Monday, October 31, 2005

Restoring a national treasure

In 1998 the Smithsonian Institute embarked on a massive restoration project. The “Star Spangled Banner” – the actual flag that flew over Baltimore’s Fort McHenry during a British naval bombardment and inspired Francis Scott Key to pen the poem that would become our national anthem – was painstakingly restored after years of deterioration from dust and light. There were holes, and tears and parts completely missing. An effort to retain that which remained was considered critical. The project took $18 million and almost five years to complete. The effort demonstrated a deep national concern for the preservation of historical, national treasures.

If only we took as seriously our real national treasures.

On October 31, 2005 President George W. Bush nominated Samuel Alito to the Supreme Court of the United States. Pay close attention to the dog-fight that ensues, because it will illustrate for us the loss of one of our greatest national treasures as left to us by our founders – the loss of our limited, constitutional government.

If you listen to the rhetoric on both sides of the debate over Alito you will hear phrases like, “…this confirmation vote is critical,” and “…the future of our country rides on this Supreme Court seat,” and “…the survival of our republic is at stake.” The fact that so much rides on the nomination of one, single Supreme Court justice shows us just how far America has fallen from the intended federal system of government our founders envisioned. The Supreme Court is now in the business of making law when the constitution gives it no such authority. Congress passes laws annually that far exceed the bounds of the constitution while the president exercises power the office was never authorized to wield. If the appointment of a single judge or the election of a single official is so critical to the future of the country then too much power has consolidated in one spot. But this is not how it was supposed to be.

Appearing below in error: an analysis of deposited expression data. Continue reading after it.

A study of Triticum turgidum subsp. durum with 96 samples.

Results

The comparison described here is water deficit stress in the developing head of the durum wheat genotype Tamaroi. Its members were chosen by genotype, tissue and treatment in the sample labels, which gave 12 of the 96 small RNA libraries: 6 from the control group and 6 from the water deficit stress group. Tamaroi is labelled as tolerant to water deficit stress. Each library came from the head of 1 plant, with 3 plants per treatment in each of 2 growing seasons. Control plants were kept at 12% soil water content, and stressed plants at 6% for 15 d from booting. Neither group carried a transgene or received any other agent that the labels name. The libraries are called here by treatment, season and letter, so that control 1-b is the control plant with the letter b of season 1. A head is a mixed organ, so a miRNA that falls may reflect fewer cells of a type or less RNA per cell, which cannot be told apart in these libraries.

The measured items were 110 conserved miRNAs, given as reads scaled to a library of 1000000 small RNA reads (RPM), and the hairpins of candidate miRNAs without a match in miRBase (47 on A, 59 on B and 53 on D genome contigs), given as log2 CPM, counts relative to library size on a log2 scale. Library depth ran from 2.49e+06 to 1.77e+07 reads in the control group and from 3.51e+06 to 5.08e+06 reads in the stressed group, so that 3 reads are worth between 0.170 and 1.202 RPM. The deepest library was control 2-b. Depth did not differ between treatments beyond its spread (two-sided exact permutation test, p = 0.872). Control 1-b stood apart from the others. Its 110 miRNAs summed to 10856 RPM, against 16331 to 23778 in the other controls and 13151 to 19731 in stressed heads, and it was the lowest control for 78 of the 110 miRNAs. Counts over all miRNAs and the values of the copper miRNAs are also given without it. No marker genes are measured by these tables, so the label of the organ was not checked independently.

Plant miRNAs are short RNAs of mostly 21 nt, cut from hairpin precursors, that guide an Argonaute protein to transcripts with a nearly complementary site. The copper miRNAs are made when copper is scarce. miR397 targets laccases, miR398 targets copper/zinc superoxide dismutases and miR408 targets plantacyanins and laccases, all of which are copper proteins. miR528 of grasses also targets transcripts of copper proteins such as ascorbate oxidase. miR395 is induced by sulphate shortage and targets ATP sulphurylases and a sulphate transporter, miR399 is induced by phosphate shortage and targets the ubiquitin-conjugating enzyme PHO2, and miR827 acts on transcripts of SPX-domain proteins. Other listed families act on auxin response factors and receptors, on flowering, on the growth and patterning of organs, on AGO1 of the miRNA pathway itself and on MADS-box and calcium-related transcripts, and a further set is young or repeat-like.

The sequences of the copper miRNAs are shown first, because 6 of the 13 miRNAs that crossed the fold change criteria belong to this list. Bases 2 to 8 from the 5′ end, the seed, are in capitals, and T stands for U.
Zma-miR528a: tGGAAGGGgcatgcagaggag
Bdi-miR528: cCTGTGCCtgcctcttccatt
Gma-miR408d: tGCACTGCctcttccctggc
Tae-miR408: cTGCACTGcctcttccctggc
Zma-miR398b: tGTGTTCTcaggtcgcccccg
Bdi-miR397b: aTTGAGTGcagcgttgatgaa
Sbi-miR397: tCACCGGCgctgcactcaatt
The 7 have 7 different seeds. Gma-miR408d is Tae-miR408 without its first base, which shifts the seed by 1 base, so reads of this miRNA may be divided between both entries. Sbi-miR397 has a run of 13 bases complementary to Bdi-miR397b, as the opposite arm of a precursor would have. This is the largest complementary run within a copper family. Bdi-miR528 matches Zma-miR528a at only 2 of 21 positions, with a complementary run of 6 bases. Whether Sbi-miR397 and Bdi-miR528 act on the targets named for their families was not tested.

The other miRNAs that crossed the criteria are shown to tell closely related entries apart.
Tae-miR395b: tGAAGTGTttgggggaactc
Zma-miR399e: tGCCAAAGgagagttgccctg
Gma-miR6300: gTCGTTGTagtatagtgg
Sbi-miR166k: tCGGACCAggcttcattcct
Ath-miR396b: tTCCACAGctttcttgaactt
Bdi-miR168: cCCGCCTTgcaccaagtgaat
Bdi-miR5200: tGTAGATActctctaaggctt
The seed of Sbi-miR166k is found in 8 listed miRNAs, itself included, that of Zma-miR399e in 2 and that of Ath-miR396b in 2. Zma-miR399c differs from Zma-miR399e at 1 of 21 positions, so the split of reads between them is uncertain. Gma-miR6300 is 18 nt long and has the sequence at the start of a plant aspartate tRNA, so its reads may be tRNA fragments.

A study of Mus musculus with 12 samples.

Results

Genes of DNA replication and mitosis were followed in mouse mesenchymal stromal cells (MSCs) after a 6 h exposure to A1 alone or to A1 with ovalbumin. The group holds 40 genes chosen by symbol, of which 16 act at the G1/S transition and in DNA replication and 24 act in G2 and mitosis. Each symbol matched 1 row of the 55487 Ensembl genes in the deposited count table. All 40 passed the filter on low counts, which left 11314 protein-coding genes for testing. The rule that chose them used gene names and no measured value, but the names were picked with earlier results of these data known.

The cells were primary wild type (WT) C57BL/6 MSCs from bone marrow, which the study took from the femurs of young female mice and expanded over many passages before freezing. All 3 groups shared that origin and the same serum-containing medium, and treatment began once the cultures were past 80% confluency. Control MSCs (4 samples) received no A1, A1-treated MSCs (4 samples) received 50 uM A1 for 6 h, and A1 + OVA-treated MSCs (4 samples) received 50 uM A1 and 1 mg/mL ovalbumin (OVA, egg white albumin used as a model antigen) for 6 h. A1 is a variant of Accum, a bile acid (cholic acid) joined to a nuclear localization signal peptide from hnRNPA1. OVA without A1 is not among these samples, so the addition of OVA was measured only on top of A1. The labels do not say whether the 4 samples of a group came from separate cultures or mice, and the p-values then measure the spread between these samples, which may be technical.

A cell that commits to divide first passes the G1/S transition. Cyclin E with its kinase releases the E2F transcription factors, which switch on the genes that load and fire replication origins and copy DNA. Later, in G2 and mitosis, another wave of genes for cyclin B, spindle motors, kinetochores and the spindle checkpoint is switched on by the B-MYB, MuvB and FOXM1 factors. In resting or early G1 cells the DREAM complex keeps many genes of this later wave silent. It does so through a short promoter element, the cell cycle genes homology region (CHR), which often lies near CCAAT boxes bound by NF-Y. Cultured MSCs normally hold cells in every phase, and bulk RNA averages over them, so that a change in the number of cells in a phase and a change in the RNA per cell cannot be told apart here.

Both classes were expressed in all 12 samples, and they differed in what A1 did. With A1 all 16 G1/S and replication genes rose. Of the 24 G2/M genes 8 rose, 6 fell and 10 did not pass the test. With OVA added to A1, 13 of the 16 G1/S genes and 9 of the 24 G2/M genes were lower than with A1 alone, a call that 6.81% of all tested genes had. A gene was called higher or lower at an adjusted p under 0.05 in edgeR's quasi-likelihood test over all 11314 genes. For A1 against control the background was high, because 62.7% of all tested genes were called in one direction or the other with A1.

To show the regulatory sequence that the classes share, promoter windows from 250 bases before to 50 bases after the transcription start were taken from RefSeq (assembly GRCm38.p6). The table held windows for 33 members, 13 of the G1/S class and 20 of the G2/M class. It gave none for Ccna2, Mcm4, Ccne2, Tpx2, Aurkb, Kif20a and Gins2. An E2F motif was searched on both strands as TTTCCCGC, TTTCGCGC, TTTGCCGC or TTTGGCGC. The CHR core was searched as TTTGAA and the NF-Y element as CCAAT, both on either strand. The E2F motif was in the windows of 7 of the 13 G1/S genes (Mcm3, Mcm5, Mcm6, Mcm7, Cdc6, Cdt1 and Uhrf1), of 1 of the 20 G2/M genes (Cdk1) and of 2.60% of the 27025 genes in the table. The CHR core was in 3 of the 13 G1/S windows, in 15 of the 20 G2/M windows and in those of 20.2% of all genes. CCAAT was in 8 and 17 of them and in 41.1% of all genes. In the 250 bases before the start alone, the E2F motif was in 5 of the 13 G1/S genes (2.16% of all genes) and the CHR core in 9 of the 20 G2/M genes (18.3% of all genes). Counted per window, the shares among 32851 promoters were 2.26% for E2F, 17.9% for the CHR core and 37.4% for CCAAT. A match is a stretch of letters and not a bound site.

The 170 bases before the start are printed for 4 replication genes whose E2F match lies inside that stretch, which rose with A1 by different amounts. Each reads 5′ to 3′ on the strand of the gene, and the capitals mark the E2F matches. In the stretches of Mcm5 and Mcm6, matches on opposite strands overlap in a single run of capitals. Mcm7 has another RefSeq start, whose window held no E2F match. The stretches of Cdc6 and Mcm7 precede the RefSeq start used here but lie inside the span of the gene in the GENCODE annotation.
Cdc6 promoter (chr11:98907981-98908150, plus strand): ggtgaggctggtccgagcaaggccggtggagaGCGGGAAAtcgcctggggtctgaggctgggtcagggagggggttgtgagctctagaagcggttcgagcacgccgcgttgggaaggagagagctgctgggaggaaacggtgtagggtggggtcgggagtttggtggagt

Our federal government was intended to be small. It was supposed to be limited. The really important decisions were designed to be closer to home. Our state and local governments were supposed to be the seat of greater power because their proximity to their constituents brought greater accountability. Our founders understood all too well the dangers of highly centralized government and the nature of true liberty to entrust too much power to the hands of only a few people.

But, over the years, our limited government has consolidated. As it has grown it has gobbled up many of the liberties guaranteed us by our constitution. Typically this is done “for our own good” because the big, centralized, federal government knows better than we what is best for us. Thomas Jefferson (pictured at left) warned America to put no trust in man but rather to "bind him down with the chains of the constitution." Yet our current federal government completely disregards the constitution to the point one has to wonder why we even have it at all any more.

The sad truth of the matter is this: Of the beautiful tapestry of limited government that derives its powers from the consent of the governed we have precious few threads remaining. A couple of hundred years of exposure to unprincipled leaders who sought to increase their own power at the expense of liberty has left us with a government so tattered that it less resembles the original version established by the constitution than the current “Star Spangled Banner” resembles the freshly sewn flag first hoisted above Fort McHenry.

When will the day come when Americans place a priority on a restoration project designed to reestablish and preserve our constitutional government? Will it ever come?